Title / object name
Siapo (tapa cloth)Materials
bark cloth, dye
|Approximate ||1985 (Length) x 762 (Width) mm|
On Futuna, siapo (tapa cloth) is made in forms ranging from siapo (large sheets) to salatasi or salalua (waist garments), lafi (sashes), and tepi (skirts). Siapo are made from strips of tapa joined together, then decorations are applied with a kupesi (pattern board). Salatasi are made from felted tapa – tapa made of layered sheets – and decorated with fine black-on-white designs in a grid-work pattern. On Uvéa, tapa is known as ngatu. A kupesi board is also used in the decoration, in a style similar to both Samoa and Tonga.
This is a rare example of tapa decorated with pictorial references from the islands of Uvea (Wallis) and Futuna. Usually, tapa from this region is decorated with geometric and fine parallel line work. Human figures, landscape features and other objects are seldom depicted. This siapo depicts two scenes: a range of sea creatures including a puffer fish and an eel swimming around an outrigger sailing canoe with the words Mua Wallis written on the sail. There is also a garden or plantation scene with taro plants, coconut, breadfruit and pawpaw trees growing around a house where a woman visible in the doorway and group of women nearby are mixing and serving kava. The elements in the scenes have been rendered in a range of orange, brown and black pigments.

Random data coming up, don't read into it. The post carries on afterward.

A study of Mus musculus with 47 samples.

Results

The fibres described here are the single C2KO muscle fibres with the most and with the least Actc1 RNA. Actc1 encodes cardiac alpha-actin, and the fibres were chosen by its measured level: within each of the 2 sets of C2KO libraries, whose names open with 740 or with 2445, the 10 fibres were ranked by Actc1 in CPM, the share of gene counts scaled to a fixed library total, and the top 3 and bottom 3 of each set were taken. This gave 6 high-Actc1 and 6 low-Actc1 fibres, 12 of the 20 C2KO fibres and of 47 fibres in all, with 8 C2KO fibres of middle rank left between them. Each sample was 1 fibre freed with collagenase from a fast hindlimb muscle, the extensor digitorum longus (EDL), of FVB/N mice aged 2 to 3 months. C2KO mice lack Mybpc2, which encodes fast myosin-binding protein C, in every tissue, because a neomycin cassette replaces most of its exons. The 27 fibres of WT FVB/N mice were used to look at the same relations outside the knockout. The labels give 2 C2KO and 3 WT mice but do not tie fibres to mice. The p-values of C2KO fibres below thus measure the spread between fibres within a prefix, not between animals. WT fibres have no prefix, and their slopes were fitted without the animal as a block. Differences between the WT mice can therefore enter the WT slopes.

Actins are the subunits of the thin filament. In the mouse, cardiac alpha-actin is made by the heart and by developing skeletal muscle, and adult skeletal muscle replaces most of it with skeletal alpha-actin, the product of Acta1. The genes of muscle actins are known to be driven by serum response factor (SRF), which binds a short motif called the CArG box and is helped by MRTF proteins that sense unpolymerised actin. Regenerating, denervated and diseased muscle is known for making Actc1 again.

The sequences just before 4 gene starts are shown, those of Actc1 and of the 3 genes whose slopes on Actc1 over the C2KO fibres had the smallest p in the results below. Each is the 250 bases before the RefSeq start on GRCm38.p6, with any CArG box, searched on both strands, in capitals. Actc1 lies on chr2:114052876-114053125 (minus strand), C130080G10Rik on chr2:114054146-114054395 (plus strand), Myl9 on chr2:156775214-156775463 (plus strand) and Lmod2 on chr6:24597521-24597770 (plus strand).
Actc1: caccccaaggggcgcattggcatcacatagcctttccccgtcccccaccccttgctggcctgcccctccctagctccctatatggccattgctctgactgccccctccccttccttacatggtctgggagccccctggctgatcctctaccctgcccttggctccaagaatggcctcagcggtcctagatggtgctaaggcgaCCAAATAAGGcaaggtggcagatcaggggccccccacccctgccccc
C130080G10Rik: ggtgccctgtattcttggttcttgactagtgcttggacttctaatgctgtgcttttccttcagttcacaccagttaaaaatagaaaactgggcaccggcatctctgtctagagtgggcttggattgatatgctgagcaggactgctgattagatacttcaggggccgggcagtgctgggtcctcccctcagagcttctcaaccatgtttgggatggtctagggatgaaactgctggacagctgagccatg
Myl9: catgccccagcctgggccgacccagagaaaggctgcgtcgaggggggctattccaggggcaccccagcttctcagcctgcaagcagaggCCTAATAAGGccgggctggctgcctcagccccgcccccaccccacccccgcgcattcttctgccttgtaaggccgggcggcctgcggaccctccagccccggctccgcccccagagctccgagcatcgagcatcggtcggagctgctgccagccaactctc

This tapa was purchased from a French Brocante (antiques warehouse) in Casteljaloux, in the Lot et Garonne. The vendor said that she found the tapa just folded amongst other pictures and prints with no explanation of their origin. As Wallis Island is a French colony, she suggested it was possible it was brought home by a local French visitor, as the port of Bordeaux is on the coast not far away. The attributed production date for this tapa is based on its similarities to a well documented example in the collection of the Museum of Fine Arts in Boston (accession number 2002.788) that may have been made by the same artist.